Conclusions and closers — How to end a talk
The day after Thanksgiving, my husband and I decided to go out on an “date” — our first evening out past 9:00 pm since the birth of our 3 1/2 year old identical twins. (Yep, I know, it’s a sad statement about our social life, but unfortunately it’s true.) We chose to visit our local Comedy Cabaret to decompress–to get away from work.
I was really looking forward to releasing endorphins and reducing my stress through laughter–especially after my early morning (4:30 AM) “Black Friday” skirmishes. I didn’t think it would be possible to be thinking about work while enjoying local comedians, but then, out of the mouth of the very first comedian, came that dreaded phrase –“Thank-you and that’s my time”. Immediately my mind flashed to the many scientific presentations that I have seen when the speaker ends with “Thank-you. Are there any questions?”
Comedians, at least have an excuse for ending this way. Comedic routines lack a rigid organization structure. Comedians are told to put their second funniest joke at the beginning, while saving their “funniest” joke for the end. However, a good comedian understands that audiences react differently to jokes and therefore prepares a few “best” jokes. During each performance, he then chooses which joke to end with based on the audience response. The idea is to finish with a big laugh and then then say “Thank-you, that’s my time” as the signal indicating that the set is complete (and it’s time to clap for the performer).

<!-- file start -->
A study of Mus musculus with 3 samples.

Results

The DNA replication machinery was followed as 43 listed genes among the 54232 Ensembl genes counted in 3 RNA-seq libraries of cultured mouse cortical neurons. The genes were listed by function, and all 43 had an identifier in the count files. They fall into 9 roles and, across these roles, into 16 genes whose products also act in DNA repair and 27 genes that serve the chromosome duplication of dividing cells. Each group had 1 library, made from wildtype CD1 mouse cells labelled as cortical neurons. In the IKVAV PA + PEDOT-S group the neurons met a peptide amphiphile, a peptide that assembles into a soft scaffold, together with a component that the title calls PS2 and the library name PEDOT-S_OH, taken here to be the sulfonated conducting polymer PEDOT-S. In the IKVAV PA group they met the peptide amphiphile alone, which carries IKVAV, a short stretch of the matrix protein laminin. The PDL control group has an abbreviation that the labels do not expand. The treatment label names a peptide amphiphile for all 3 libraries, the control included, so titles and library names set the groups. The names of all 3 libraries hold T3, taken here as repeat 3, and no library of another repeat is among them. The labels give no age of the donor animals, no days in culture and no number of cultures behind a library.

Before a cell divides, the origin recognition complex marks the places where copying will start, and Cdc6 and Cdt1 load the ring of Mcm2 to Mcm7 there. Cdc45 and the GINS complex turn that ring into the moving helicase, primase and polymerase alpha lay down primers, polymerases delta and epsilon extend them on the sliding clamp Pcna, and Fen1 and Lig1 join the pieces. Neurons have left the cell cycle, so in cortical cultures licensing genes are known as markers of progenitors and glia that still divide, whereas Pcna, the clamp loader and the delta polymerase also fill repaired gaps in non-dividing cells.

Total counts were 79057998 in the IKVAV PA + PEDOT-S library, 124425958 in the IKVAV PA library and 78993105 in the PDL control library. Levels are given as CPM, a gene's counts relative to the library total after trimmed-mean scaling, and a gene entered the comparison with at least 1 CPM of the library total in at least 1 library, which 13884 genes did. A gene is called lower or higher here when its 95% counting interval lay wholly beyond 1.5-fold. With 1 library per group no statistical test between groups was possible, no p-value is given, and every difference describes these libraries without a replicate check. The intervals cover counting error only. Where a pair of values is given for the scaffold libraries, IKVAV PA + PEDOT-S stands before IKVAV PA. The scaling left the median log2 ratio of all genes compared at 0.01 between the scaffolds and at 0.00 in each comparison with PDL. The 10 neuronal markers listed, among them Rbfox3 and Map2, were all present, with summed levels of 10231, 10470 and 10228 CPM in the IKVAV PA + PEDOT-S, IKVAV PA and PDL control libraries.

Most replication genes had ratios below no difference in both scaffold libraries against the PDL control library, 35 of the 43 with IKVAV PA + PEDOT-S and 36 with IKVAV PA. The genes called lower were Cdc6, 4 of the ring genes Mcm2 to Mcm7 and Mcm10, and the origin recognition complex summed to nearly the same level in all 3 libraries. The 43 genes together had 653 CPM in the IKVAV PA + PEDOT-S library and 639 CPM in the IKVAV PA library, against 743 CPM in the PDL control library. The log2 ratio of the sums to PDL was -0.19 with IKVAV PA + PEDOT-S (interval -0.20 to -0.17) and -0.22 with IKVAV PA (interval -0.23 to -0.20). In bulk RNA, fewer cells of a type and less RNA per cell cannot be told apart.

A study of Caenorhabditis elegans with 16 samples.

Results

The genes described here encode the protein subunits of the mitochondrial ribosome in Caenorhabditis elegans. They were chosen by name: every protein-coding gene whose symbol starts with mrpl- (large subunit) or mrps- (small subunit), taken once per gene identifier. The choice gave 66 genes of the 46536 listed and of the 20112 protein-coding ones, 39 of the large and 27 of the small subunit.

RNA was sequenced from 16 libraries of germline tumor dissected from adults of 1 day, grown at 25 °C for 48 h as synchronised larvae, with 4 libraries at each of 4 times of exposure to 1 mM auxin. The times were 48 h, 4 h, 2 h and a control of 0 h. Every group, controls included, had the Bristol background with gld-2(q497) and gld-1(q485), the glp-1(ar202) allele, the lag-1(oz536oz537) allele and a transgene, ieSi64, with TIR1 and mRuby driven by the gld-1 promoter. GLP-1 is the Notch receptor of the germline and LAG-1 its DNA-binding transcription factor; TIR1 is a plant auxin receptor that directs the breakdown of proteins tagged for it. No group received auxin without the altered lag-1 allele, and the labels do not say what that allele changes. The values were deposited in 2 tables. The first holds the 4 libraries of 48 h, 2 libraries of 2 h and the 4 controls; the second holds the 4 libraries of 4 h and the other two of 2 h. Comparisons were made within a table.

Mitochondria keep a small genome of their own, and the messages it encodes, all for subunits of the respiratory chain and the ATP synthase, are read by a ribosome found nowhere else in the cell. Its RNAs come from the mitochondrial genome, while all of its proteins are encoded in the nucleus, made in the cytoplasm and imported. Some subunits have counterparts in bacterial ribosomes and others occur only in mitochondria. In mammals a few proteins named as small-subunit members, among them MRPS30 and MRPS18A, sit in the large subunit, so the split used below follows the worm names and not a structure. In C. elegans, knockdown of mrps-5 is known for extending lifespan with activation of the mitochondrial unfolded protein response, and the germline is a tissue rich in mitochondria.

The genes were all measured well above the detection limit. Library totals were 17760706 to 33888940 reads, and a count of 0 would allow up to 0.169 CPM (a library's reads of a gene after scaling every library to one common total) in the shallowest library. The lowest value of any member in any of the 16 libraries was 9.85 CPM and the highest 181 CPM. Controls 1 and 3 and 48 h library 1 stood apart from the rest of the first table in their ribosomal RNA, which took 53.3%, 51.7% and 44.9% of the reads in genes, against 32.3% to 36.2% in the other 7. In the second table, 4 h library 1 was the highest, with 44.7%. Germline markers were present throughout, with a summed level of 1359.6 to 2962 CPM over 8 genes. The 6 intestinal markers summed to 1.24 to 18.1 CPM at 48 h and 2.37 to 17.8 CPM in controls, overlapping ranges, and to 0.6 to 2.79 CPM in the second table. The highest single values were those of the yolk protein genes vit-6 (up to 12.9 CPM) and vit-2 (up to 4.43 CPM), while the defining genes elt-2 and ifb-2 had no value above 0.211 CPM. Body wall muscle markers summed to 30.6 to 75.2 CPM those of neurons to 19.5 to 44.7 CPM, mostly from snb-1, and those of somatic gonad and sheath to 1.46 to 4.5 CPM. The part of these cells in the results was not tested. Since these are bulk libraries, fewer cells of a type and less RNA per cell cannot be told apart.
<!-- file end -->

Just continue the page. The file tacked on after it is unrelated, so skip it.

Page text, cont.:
A good scientific presenter also uses signals to indicate that the presentation has come to end. The first most obvious signal is the conclusion. When the speaker reviews the main ideas in summary form, this indicates that the presentation is coming to an end. To be effective as a signal, it’s important to remember that the conclusion needs to be proportional (about 10-15% of the talk)–the longer the talk, the longer the conclusion needs to be. If the conclusion is missing or too short (common errors in scientific presentations) the conclusion is an ineffective signal.
Many presenters end after a short summary, however, an excellent presenter uses one additional final signal to indicate that their presentation is complete. Strong communicators, follow a solid conclusion with a very short “closer”. For an informative speech, the closer is called a “residual message”, while a persuasive speech uses a “call to action”. The idea of the residual message is to make a brief, broader statement that sums up THE main message you want your audience to remember and hints at the broader speech theme. A call to action, is a statement that specifically tells the audience what you want them to do. Closers need to be short, efficient, and memorable. Weather it’s a residual message or call to action, the main purpose of the closer is to SIGNAL that you have come to the end of the presentation. A well-done “closer” will have your audience automatically clapping BEFORE you utter “Thank-you are there any questions?”
I’ve been doing this long enough to know that some of you are thinking and wondering…but what’s wrong with asking if there are any questions? To be clear, it’s not the phrase that I object to, it’s when and how this phrase is used. If it is used as the ONLY signal that the talk in ending–INSTEAD of using a strong conclusion and closer, then it is not appropriate. But if you have already finished with a strong conclusion and closer–then, of course, you can ask if there any questions–that is AFTER the appreciative clapping has quieted down!
The night of our “date” I noticed that the most experienced comedian (the headliner) didn’t resort to the phrase and used a more creative way to signal the end of his set. His last joke circled back to the very beginning of his routine. I had to laugh–not only because the joke was funny, but also because that is exactly the technique that I advocate for scientific presenters. Returning back to opening, coming “full circle” so to speak, is a common cinematic technique for signaling the end has come. It works equally well for movies, presentations and comedians.
So much for a night out to forget about work!